In Unexplored 2: The Wayfarer's Legacy, you're expected to fail, and each time you do, you'll be one step closer to completing your goal. Trippy, we know. Check out how that works in new gameplay footage from our PAX East showcase.
As Unexplored 2's Jakobsen Locke explains in the above video, "failure is going to be a bit part of it. Accepting failure is going to be the best part of the experience because it's going to morph the world into something you just can't predict." In this procedurally generated roguelike, you're setting out to destroy a staff. You're told where in the world you need to go in order to destroy it, but you don't know exactly how you'll actually carry it out. Throughout each run, you'll learn what you need to complete your task.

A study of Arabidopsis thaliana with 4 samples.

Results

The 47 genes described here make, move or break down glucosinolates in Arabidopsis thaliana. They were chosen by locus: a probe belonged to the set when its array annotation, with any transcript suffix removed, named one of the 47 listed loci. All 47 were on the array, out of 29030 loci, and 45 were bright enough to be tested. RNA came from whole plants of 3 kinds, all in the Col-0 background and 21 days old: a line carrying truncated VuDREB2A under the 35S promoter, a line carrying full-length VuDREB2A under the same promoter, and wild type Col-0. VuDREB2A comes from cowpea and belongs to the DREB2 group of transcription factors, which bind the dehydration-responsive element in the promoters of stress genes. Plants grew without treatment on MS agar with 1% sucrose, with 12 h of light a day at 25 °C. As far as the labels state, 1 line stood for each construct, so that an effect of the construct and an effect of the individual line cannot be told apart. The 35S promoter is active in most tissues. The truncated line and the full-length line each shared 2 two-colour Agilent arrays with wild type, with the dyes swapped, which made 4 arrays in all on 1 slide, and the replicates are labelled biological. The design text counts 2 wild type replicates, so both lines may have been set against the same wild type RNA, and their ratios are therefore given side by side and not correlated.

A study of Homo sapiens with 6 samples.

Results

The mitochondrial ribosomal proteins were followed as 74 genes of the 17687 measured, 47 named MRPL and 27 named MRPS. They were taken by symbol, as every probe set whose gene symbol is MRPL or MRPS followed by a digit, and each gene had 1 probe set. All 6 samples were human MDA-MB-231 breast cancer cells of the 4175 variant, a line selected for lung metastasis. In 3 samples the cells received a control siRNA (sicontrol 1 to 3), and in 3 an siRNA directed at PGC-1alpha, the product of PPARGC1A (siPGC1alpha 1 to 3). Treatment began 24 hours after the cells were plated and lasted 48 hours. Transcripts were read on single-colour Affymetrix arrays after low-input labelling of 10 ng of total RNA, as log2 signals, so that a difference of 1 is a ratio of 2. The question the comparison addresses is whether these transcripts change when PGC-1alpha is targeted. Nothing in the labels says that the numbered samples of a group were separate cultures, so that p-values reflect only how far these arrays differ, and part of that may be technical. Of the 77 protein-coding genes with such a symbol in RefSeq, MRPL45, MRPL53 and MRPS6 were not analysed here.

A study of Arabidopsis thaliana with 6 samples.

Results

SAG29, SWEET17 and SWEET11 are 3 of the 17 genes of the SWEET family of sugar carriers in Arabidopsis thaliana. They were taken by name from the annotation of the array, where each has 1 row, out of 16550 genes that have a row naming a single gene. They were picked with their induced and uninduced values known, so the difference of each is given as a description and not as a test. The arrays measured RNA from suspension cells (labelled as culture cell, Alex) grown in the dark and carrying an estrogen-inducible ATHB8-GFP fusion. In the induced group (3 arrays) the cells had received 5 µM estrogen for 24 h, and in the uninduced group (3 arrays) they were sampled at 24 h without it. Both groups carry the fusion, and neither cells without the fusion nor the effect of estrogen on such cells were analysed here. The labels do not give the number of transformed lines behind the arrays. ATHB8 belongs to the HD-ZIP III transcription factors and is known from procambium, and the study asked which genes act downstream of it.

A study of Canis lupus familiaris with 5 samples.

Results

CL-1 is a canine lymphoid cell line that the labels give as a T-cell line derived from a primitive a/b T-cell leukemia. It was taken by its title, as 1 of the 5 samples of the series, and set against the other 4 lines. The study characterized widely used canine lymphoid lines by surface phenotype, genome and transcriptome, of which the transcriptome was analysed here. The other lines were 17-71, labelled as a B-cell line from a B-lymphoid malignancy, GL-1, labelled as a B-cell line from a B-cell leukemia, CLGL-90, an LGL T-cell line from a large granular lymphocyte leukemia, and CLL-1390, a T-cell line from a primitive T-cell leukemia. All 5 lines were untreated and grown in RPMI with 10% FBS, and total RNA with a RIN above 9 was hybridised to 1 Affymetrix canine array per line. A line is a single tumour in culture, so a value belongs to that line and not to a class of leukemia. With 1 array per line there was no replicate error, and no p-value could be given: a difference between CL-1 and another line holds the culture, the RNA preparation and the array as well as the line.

Interestingly though, when you die you start over, but the world will still remember what you got up to last time, as Locke expands on during our showcase:
"All of the choices that you made in that first world and that first run is going to impact the world for your second run. All the factions that you either wronged or helped out, they're going to be there. They're going to be playing their own mini-game of civilization, even outside of your input. So even when you're not doing things the world is evolving and it might impede your tasks. So at some point it might become too hard and you might want to start over. The idea is that the more you play in the same world, the more it evolves and the more unique it becomes to your experience."
A big part of the game will also involve you interacting with NPCs in the world. Using a dice roll-like system called a fortune test, you'll be presented with different options that can lead to other choices. So you don't necessarily have to fight your way out of everything.
It currently doesn't have a release date or confirmed platforms. To see more of this exciting, reactive world, be sure to check out the rest of the video where you can learn more about the roguelike's systems and features.
Catching up on PAX East? Check out our look at Cloudpunk.